General Contacts Area Management Wilderness Laws Images
Golden sand dunes draped in rich evening light and striped with black shadow, under a blue sky mottled with cloud.
Library image #344: Sunset on the Kelso dunes

Introduction

The United States Congress designated the Mojave Wilderness (map) in 1994 and it now has a total of 695,200 acres. All of this wilderness is located in California and is managed by the National Park Service. The Mojave Wilderness is bordered by the Kelso Dunes Wilderness to the west and the Bristol Mountains Wilderness to the west.

Description

The East Mojave National Scenic Area was established in 1980. It's a vast piece of land shaped roughly like a wedge of pie, covering most of the ground from the California-Nevada state line west almost to Barstow and between Interstates 15 and 40. In 1994, the California Desert Protection Act altered the status of the area's 1.6 million acres to the Mojave National Preserve and designated slightly less than one half the land as Wilderness.

Here is a meeting place for the Mojave, Sonoran, and Great Basin deserts, where you'll see strange volcanic features: cinder cones and dramatic lava beds, saw-toothed mountains rising in at least seven named ranges, flat-topped mesas, towering sand dunes, dry lake beds, and unique plant communities including the largest Joshua tree forest in the world. Most of the wildlife sensibly remains hidden during the daylight hours, but you may spot bighorn sheep, mule deer, bobcats, and cougars in the rugged mountains, and rabbits, coyotes, foxes, ground squirrels, pack rats, desert tortoises, lizards, and snakes in the washes and canyons. Raptors soar throughout the park. Much of this area is a desert wonderland, seldom visited by humans, and most of it is amenable to foot travel if you carry maps and plenty of water.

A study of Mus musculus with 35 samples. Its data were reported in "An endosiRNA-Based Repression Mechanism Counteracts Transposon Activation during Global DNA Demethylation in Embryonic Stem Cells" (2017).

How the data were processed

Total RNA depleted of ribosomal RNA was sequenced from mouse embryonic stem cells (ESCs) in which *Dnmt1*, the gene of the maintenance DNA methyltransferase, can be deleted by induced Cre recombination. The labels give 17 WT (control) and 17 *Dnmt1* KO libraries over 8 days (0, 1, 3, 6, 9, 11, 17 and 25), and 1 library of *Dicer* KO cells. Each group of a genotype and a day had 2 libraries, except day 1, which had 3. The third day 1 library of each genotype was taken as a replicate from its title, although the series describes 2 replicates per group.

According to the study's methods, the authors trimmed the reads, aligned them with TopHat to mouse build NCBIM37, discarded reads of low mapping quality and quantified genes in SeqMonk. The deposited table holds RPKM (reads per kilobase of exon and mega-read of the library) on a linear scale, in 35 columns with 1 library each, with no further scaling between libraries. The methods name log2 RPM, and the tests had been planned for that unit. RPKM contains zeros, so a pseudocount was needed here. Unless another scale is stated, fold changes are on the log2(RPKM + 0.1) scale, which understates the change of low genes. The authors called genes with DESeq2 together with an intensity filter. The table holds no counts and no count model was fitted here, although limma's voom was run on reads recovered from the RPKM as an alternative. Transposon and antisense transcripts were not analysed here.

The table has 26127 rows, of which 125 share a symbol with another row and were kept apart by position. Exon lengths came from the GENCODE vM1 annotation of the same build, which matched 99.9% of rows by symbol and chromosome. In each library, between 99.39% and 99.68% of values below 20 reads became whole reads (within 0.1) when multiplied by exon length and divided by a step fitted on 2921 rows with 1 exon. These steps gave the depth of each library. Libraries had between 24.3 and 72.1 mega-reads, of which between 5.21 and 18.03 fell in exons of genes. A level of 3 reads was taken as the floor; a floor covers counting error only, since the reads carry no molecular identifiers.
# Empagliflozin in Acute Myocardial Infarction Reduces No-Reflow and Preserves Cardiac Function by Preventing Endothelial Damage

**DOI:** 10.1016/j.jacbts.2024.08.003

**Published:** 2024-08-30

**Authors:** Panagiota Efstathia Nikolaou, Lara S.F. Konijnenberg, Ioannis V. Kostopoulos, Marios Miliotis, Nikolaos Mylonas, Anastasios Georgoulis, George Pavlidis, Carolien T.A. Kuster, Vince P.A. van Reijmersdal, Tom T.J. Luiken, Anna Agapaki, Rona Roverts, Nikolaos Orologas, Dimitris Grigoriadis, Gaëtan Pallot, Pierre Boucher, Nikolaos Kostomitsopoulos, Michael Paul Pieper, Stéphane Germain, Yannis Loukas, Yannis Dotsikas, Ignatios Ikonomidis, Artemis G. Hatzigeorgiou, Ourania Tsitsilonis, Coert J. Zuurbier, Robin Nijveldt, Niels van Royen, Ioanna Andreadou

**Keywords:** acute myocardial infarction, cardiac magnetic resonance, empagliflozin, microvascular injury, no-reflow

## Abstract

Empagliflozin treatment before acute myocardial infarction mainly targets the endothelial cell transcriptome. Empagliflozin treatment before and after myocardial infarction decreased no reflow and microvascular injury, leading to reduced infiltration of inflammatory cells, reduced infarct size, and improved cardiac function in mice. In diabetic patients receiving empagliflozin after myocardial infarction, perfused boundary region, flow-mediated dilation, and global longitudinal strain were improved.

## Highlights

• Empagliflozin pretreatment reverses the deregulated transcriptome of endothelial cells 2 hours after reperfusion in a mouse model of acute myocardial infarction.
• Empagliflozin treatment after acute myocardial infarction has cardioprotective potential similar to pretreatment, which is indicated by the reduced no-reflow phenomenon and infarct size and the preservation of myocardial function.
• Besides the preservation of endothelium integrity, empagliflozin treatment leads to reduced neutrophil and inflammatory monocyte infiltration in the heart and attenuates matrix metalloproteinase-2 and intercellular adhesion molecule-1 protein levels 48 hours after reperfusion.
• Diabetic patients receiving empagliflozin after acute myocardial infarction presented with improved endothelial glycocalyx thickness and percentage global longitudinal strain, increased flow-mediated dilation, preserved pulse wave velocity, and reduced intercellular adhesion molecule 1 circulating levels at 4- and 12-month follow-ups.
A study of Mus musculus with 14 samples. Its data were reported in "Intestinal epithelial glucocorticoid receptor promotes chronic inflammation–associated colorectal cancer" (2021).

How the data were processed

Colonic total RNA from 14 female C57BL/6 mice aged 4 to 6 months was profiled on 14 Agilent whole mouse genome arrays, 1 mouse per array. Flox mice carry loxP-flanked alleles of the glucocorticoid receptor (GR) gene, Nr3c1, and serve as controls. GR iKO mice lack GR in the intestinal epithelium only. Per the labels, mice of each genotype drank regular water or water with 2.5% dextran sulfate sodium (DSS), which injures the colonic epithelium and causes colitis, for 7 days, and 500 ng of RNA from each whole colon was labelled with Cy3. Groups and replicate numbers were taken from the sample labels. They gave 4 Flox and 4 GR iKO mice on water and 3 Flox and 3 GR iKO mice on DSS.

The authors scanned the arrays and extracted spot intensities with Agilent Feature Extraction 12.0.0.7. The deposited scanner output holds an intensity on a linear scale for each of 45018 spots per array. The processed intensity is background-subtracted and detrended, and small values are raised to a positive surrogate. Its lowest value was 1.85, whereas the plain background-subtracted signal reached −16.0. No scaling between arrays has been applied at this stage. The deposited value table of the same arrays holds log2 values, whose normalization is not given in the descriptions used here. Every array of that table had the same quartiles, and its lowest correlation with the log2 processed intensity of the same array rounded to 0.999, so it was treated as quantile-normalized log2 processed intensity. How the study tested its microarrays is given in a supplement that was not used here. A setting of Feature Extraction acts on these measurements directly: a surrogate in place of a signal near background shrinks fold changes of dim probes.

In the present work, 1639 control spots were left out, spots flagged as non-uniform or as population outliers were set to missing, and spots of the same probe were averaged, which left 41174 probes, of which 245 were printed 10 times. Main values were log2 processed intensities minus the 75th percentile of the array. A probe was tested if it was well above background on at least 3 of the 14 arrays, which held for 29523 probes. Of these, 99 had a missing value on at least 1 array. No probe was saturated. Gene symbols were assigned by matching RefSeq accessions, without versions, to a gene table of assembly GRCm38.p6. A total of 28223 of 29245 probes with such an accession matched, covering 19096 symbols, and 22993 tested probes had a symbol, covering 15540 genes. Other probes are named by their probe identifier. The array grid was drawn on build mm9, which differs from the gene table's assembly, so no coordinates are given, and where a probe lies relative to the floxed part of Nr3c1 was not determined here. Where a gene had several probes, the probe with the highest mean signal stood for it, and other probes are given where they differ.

Planning to Visit the Mojave Wilderness?

Leave No Trace

How to follow the seven standard Leave No Trace principles differs in different parts of the country (desert vs. Rocky Mountains). Click on any of the principles listed below to learn more about how they apply in the Mojave Wilderness.
  1. Plan Ahead and Prepare
  2. Travel and Camp on Durable Surfaces
  3. Dispose of Waste Properly
  4. Leave What You Find
  5. Minimize Campfire Impacts
  6. Respect Wildlife
  7. Be Considerate of Other Visitors
For more information on Leave No Trace, Visit the Leave No Trace, Inc. website.